Last year, The Joint Commission observed its 70th anniversary of working to improve patient safety.

Though I haven’t worked in healthcare nearly that long, it’s interesting to reflect on the changes in our industry over the years. For instance, it seems incomprehensible that hospitals ever allowed smoking inside their walls, yet this was a regular occurrence during many our lifetimes. (Just an FYI, The Joint Commission banned smoking in hospitals in 1962.)

My career in nursing started in the late 1980s, which seems like only yesterday but has been a lifetime in the realm of patient safety. With so much change in the world and our industry, it’s interesting to look back and reflect on how far we have come. Like many of you, I’ve been privy to a number of interesting conversations lately about our profession and wanted to focus on the patient safety advances that have already shaped our times.

High Reliability
In 2007, the concept of high reliability in healthcare was in its infancy. Many of us were familiar with the theory of an organizational culture striving for error-free performance every time, but it was a novel idea to make it part of healthcare delivery. It seemed like a daunting task to use ideas from other industries around healthcare delivery. “Our systems are unique, we can’t be cookie cutter” was a common refrain I heard as I tried to implement a Perinatal High Reliability Unit across a large system in the mid-aughts. 

Fast forward a decade or so, and high reliability is a concept that’s familiar to every healthcare worker. There was a time when it seemed incomprehensible for healthcare to ever be as safe as, say, a commercial airplane or a roller coaster ride. Now most major healthcare organizations are training their employees that there really is no acceptable level of harm and that we must be proactive, not reactive, in eliminating error.

There’s been an increased focused on cybersecurity in recent years and rightfully so. It becomes a matter of life or death when connected pumps are compromised. Infusion pumps provide critical point-of-care medication and are connected to the electronic medical record. Hackers who illegally access patient information can change medication doses and interfere with the pump’s ability to deliver life-saving medication.

We’ve been warned of the possibility that a cyberattack could cause fatalities for years. Still, I reacted with horror when reports of the first confirmed patient death linked to a cyberattack in Germany occurred after a hospital had to halt care during a ransom attack. It’s incredibly frightening but I am also highly impressed with the sophistication that our security experts have displayed in anticipating the next move of cyber attackers and keeping systems functioning. Some tactics are outlined in The Joint Commission’s Quick Safety, Issue 62: Building a Culture of Cybersecurity. We’ve made enormous advancements in cybersecurity over the last few years and it’s made for a fascinating time to work in healthcare.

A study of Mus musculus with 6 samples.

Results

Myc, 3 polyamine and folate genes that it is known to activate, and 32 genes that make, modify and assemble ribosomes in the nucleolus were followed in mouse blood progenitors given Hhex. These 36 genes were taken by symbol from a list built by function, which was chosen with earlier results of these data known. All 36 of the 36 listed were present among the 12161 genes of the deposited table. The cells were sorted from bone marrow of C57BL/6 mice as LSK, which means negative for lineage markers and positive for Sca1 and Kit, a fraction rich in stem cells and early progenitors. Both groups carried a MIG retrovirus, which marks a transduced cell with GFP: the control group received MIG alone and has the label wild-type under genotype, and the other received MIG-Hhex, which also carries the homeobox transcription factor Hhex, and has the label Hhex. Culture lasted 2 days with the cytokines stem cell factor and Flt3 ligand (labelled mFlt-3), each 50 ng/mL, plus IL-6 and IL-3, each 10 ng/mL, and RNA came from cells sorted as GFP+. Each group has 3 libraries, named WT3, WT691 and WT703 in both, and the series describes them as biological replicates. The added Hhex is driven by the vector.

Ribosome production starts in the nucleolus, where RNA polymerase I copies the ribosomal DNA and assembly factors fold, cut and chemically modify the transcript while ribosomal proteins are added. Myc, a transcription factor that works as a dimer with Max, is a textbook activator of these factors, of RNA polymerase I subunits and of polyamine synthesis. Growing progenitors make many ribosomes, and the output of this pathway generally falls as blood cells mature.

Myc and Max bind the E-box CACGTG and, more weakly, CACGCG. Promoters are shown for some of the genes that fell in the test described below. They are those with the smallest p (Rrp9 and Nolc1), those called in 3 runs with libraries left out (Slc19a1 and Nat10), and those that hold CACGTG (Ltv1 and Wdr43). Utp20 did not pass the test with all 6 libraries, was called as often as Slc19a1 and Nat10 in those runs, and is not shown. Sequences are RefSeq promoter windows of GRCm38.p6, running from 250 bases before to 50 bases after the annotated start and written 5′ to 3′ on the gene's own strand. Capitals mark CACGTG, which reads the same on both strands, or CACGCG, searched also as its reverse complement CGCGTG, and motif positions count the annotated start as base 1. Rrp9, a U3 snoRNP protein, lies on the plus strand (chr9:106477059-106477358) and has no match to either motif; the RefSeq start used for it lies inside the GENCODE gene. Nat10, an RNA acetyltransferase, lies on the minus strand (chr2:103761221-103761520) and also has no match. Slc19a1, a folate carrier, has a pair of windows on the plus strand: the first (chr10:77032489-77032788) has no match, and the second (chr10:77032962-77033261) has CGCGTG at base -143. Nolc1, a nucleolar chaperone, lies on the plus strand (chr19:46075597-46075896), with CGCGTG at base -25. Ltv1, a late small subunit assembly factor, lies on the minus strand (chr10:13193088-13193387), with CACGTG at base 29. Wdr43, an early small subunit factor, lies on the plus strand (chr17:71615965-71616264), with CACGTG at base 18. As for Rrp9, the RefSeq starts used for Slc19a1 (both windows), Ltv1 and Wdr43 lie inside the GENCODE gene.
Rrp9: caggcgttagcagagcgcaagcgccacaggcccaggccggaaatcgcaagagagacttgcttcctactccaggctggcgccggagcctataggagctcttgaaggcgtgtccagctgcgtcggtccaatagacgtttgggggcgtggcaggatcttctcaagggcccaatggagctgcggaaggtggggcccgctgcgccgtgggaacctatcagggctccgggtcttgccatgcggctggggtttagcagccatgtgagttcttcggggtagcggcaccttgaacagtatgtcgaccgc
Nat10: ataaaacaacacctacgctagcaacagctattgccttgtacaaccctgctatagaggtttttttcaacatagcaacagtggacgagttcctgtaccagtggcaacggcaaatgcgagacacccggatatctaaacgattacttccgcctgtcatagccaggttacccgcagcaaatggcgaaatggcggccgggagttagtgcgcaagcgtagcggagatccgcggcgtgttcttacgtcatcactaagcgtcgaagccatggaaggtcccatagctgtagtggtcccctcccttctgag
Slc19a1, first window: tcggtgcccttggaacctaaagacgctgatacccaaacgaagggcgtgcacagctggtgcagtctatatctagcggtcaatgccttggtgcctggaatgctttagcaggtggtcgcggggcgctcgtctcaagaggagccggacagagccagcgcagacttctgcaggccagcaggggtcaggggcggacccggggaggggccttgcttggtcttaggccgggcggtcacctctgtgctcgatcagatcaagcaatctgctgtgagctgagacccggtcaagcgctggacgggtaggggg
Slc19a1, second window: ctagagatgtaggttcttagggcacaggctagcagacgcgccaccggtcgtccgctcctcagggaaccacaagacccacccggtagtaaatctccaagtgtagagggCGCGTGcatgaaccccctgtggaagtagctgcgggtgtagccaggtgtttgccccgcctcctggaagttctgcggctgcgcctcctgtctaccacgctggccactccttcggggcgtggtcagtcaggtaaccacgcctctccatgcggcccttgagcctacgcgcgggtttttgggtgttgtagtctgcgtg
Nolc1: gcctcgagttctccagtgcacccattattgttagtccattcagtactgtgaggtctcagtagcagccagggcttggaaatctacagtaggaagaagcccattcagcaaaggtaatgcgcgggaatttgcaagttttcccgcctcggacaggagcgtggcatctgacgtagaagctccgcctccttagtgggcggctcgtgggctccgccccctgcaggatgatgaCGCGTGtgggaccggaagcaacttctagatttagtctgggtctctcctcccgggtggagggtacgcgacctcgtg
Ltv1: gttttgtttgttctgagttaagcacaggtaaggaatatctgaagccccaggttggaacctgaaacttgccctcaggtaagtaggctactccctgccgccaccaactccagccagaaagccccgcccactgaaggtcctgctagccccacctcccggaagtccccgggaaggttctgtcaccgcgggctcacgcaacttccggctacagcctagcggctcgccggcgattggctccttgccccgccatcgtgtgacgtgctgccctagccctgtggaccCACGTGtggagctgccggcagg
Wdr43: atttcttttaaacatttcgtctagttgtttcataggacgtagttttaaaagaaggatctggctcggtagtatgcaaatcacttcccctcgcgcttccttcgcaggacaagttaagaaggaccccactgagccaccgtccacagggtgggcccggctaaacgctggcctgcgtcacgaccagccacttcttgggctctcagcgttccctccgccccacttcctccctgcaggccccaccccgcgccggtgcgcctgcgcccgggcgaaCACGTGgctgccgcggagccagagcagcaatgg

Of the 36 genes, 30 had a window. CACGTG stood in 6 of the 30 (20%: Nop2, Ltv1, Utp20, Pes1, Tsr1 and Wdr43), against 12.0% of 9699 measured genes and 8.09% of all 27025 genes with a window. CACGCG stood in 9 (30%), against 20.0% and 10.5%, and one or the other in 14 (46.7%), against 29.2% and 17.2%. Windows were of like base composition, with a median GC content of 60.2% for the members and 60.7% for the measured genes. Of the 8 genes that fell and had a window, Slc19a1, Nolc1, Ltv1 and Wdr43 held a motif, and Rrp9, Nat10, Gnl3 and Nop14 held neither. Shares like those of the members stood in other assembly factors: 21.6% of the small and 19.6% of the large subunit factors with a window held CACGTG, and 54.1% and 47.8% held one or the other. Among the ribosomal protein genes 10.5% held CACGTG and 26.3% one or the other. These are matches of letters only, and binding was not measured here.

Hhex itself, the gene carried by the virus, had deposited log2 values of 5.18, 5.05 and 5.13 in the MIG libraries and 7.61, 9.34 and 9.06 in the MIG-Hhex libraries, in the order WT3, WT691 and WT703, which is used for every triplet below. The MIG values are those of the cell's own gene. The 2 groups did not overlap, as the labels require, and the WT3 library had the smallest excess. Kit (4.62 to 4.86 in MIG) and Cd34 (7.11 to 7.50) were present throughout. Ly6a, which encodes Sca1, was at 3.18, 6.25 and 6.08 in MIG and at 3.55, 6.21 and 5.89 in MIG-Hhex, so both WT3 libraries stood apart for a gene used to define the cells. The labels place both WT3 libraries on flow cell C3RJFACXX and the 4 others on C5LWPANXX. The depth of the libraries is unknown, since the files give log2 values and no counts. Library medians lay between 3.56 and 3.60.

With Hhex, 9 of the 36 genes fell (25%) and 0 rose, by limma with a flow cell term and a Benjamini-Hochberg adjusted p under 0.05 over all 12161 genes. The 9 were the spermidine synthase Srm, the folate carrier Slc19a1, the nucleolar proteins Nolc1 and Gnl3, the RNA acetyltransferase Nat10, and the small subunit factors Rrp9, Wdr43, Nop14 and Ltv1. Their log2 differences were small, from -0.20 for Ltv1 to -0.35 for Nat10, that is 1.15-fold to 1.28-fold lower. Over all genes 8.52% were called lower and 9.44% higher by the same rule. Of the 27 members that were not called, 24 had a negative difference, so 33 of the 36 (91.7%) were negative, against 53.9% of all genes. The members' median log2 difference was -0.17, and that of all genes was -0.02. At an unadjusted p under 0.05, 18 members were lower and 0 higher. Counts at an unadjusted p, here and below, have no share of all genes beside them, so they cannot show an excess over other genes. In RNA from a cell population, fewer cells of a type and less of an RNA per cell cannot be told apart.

Diversity and Inclusion
The third change that I expect to pick up steam in the very near future is the intersection of patient safety with diversity and inclusion. Diversity and inclusion efforts at healthcare organizations became more widespread after George Floyd’s death in 2020 but many have struggled with marrying these two concepts. 
I’m pleased that The Joint Commission has consistently made diversity and inclusion a priority over the last two years, as described in this podcast with our Executive Vice President and Chief Medical Officer, Chief Diversity, Equity and Inclusion Officer Ana Pujols McKee, MD. In addition to our internal efforts, our organization has published a:

We still have a long way to go but I think there’s a realization that safe patient care cannot exist in environments that don’t embrace diversity and inclusion. I expect much more conversation and action on this concept in the future.

Our industry is always changing and it’s been an amazing journey to keep evolving in the spirit of patient safety!

Suzanne Gavigan, MSN, CRNP is Acting Director, Office of Quality and Patient Safety.